Wickeds, our books are mysteries, not romantic suspense. But romance does play a role in many of our books, either in the present or in the past. I’ve been thinking about unrequited love, and what a powerful motivation that can be. Do any of your characters have unrequited love in their past, or a sense of ennui for what might have been? Or does this question give you any ideas?
Julie: I’m not sure anyone can escape the “what might have been” feeling in their life. I’m working on book #4 in the Garden Squad series, and have been thinking about past loves and the different experiences folks have with that love. How it affects them. I’m also wondering what Roddy has in his past, or whether he’s feeling unrequited love now.
Jessie: Interesting, Julie! I haven’t thought much about this for my characters and your question has provoked some mulling! I would say that my character, Edwina Davenport is one of the “surplus women” of the 1920s. She is happy in her unmarried state but she does love children and would have liked to have had at least one of her own. She is unlikely to ever do so and lavishes her attention on her plants, her dog and her growing enquiry agency.
Sherry: Jessie, that makes my heart ache for Edwina! Chloe Jackson, in my upcoming book From Beer to Eternity, has had several relationships in the past including a broken engagement. Through the course of the book she finds out something shocking which turns her world upside down and makes her rethink her adult life and her relationships.
Liz: Maddie has alluded to a number of sub-optimal relationships in her past, usually with bad boy band members and how those have affected her world view of relationships, but I haven’t really thought about whether there was one that she really regretted or wished could have been. I think she probably wishes she’d made better choices along the way, but she also understands that everything is a learning experience.
Barb: The unrequited love in my Jane Darrowfield series is of a different type. Jane is estranged from her son at his initiation. I don’t know that he doesn’t love her, but they haven’t had contact in eleven years. This has left an enormous hole in Jane’s heart. Each of her bridge friends at some time has pointed out, gently and kindly, that Jane spending her retirement fixing other people’s problems is ironic and that perhaps she needs to resolve her own problem soon.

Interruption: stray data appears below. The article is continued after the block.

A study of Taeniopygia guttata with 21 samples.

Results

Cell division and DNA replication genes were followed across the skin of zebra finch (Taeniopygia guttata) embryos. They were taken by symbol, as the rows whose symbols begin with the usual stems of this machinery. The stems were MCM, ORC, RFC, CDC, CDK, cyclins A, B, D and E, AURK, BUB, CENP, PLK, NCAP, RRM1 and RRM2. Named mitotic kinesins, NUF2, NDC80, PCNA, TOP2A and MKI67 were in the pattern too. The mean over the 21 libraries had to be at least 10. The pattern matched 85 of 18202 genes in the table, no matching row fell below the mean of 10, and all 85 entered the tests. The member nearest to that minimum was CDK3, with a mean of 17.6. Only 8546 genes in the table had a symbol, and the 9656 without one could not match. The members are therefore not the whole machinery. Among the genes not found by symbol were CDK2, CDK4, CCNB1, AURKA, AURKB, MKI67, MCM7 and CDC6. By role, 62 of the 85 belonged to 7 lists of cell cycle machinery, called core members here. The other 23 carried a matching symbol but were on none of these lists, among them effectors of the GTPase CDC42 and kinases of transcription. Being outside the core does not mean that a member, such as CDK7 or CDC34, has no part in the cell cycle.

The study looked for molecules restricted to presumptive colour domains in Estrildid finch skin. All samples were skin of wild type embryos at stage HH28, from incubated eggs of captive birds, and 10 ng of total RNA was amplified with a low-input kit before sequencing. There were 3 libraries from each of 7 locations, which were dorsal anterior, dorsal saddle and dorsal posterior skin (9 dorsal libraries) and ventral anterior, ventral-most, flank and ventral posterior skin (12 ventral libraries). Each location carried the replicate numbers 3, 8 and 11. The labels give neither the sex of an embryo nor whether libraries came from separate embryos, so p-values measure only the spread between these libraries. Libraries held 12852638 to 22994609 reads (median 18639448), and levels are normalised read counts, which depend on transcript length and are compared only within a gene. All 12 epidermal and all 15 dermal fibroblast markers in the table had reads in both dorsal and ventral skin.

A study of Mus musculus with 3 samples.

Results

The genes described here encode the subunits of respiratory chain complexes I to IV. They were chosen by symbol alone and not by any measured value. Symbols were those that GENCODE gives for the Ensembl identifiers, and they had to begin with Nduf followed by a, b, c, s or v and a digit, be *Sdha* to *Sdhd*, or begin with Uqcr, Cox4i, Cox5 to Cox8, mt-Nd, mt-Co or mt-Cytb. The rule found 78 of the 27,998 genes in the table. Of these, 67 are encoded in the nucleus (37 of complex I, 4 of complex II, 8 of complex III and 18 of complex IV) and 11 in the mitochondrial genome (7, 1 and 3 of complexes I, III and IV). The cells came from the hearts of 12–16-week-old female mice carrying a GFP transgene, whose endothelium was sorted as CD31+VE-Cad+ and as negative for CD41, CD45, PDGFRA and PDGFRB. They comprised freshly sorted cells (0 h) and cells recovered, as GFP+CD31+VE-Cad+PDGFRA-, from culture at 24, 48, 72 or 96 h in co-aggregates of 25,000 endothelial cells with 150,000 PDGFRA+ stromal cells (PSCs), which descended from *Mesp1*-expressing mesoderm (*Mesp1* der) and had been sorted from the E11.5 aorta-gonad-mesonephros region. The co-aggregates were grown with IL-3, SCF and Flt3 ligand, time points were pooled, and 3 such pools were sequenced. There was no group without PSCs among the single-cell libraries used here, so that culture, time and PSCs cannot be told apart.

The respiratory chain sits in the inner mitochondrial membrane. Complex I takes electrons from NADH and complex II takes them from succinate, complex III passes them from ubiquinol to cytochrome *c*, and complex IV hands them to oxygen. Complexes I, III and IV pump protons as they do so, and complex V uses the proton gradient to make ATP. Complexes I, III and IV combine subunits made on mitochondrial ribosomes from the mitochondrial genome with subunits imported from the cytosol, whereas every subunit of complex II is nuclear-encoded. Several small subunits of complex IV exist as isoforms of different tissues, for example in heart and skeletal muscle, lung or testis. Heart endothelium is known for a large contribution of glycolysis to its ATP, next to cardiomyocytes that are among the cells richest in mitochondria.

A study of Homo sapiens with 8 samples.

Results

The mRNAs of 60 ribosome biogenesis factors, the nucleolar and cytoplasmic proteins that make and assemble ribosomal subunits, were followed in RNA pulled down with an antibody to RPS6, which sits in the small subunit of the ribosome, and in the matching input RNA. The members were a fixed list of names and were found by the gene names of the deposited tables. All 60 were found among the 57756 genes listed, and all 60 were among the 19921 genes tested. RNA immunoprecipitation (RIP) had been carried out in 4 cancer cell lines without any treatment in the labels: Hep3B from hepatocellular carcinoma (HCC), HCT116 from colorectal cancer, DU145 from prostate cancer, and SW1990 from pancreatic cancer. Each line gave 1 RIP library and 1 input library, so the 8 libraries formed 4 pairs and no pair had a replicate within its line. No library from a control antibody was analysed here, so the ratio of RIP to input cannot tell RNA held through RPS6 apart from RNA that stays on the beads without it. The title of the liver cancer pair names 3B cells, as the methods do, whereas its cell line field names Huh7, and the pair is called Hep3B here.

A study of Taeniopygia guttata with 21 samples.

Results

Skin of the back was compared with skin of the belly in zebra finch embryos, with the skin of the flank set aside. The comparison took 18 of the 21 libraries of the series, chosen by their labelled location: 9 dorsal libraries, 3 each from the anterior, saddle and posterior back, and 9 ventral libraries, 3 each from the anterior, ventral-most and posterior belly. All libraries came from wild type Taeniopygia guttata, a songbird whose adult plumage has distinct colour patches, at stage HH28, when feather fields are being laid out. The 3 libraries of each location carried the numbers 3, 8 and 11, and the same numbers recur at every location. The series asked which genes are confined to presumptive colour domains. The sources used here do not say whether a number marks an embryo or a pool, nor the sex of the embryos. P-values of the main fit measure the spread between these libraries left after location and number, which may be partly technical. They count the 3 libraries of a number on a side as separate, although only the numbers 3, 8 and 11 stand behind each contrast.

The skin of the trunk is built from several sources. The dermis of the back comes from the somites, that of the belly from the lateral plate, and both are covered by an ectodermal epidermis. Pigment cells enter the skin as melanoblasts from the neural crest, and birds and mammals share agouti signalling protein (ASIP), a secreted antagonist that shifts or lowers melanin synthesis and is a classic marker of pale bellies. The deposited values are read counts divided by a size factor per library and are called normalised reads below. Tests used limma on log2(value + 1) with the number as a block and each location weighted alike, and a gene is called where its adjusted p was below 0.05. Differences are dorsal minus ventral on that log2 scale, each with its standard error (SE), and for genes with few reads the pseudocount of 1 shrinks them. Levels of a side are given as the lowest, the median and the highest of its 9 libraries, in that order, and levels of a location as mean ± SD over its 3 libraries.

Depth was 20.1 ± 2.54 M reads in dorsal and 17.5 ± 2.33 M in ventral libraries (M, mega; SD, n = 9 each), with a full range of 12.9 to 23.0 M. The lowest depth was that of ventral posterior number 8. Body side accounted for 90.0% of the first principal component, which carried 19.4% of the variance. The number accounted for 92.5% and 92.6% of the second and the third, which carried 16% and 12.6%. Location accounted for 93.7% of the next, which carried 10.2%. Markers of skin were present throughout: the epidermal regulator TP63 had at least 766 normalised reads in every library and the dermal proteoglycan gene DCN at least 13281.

Edith/Maddie: Each of my protagonists is happily settled with a man at this point. Too happily, perhaps? Mac and Robbie both had bad breakups in the past, and Robbie had some trust issues with Abe in a few books because of it, but I’ve left it to the supporting cast to have longings for love!
I love these answers! Dear readers, do you like characters with longings? Or do you prefer neat packages of relationships?
I like characters with longing, but I also want it to have a purpose, If it doesn’t then they need to give it up and move on, or act on the longing. It’s important that a character grows throughout the book and if the sense of longing remains without some resolution can become a trope.
I agree. Longing can be a good motivator, but a motivator for action.
Like Kait, I like longing, but not longing that goes on and on without some sort of forward movement – and done just for the sake of doing it. Even if the character will always long, but decides to move on with her life, that’s a kind of resolution. (And of course the object of the longing can always come back and we get to see what happens.)
I so agree. And the return of longing can be interesting! Especially if the second time around is “not so much”.
Interesting question. I am toying with something new, still trying to put all the pieces together, and now wondering if something like this might make give a not-entirely-likable (kind of self-centered/driven) protag a little human touch? Always fun to start the day with. the Wickeds. Thanks!
Thanks for starting the day with us! I hope that the idea germ blooms.
I love longing! My book has bittersweet dollops of longing for almost everyone. An abused wife seeking comfort outside of marriage, an ambitious diva looking for a big get, a hopelessly crushing elderly music fan who worships her genius composer. No longing for my protag though, he hops into bed with his wifey every night to compare sleuthing notes and mess around.
Susan, isn’t a lot of opera based on epic longing? I’m glad that you didn’t add that to the mix for Mozart!
I actually like that y’all do not have much romance in your books (if any, or none). Some here and there is fine, but in other cozies, I find it a bit annoyingly overboard. Either get on with it, or get done and past it. The “what might have been”, is fine as long as it’s not the focus, in real life, somewhere along the way, I think most all of us have that at one time or another.
I agree. Long running series where the triangle doesn’t get resolved wear me down.
The longings are such a staple of cozies that I find it refreshing when a main character is happily in a long term relationship. It actually goes against the cliche.
I like a long-running series where the main characters grow into a relationship and then maintain it, with reasonable ups and downs. The angst or strife shouldn’t seem contrived.
I do like an eventual happily ever after.